When Sue Richmond walked into my training class with Skipper, I knew we had a challenge. She had recently adopted the 3-year-old Shetland Sheepdog from a rescue group. All she knew about him was that he had spent his entire life in a backyard.
His lack of socialization was evident in his tucked tail, flattened ears, and nervous glances around the training yard. Like many adopted dogs, Skipper needed help changing his fear of the world around him into curiosity and confidence.
Sue had already charged the clicker by taking the little plastic box I had given her the prior week and feeding Skipper a treat every time she pushed the metal tongue to make a clicking sound. When I saw Skipper’s eyes light up at the sound of the clicker, I knew he was on the road to a better life. He already understood that the sound meant Treat! Now it was a matter of time, and small steps, to help him understand the world was safe.
A dog’s personality is a combination of genetics and environment-nature and nurture. A genetically bold puppy will be timid if he doesn’t get adequate socialization during the important development period from 4 weeks to 4 months of age. A genetically timid puppy can achieve confidence with lots of socialization.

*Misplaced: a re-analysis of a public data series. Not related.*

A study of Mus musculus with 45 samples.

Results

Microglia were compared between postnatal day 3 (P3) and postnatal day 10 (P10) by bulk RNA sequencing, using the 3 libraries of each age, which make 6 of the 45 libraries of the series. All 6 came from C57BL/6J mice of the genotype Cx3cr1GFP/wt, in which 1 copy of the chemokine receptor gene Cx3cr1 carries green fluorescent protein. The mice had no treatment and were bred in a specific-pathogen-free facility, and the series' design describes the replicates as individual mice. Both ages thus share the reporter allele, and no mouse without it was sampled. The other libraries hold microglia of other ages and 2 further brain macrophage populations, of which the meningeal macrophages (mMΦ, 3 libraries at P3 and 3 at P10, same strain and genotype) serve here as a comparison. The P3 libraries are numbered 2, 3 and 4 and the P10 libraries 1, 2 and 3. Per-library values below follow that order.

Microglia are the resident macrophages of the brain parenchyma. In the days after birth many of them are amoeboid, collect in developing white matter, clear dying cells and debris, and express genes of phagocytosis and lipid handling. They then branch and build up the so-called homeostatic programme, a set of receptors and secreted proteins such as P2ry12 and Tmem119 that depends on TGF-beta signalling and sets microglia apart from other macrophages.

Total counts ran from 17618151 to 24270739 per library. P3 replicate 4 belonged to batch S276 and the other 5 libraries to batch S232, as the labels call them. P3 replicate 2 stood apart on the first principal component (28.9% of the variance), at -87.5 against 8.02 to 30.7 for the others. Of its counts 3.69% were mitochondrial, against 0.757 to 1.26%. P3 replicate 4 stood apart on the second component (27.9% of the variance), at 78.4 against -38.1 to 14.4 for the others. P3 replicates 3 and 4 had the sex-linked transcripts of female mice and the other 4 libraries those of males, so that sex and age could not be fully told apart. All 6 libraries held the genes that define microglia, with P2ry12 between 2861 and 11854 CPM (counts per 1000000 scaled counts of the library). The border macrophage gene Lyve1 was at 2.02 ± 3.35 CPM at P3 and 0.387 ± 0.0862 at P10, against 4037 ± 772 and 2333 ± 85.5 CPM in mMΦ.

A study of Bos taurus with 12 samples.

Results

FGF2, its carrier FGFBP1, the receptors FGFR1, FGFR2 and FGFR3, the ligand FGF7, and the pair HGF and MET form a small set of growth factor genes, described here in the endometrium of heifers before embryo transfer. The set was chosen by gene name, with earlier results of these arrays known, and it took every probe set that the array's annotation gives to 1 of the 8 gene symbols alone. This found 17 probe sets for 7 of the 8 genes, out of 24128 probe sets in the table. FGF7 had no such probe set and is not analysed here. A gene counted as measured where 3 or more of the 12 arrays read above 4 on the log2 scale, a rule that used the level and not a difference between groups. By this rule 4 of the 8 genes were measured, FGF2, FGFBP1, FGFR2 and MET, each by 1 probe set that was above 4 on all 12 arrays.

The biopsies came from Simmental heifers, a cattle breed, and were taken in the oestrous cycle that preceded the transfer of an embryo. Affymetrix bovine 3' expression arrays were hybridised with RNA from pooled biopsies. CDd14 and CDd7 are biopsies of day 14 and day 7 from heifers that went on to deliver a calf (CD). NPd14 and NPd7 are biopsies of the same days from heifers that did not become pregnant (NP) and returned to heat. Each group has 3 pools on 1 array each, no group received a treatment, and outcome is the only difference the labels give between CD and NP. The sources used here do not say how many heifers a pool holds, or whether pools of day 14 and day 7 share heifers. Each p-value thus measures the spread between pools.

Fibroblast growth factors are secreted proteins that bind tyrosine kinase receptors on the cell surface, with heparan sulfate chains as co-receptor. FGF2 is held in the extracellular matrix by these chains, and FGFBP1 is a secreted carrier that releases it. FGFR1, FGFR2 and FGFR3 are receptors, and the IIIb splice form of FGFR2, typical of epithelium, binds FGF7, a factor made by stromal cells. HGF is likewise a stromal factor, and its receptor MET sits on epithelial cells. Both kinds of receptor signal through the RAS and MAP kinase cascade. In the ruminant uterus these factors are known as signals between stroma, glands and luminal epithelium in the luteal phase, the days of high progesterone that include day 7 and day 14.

Open the Lines of Communication
Your shelter or rescue dog will probably come with some baggage in the form of too little socialization, or a negative kind. When you adopt, you commit to help your new dog overcome these types of challenges.
Your first tool in building your adopted dog’s confidence is communication. A poorly socialized dog has had little reason or opportunity to communicate with humans. The sooner you begin communicating with the consistent use of terms, a calm and positive tone, and tools like a clicker and treats the sooner the two of you will start forming the all-important bond that will ensure him a lifelong, loving home.
Think of the clicker and treats as an interpreter — a means to establish a common language. The click says “Yes! You earned a treat for that behavior!” Dogs, like all living things, want to make good things happen.
When your dog discovers he can make you click the clicker (and feed him treats) by offering behaviors, he can start to make sense of his world. When you associate words or hand signals with his behaviors, the two of you begin to communicate — he’s learning your language. As you observe and interpret his behaviors more closely, you’re learning his.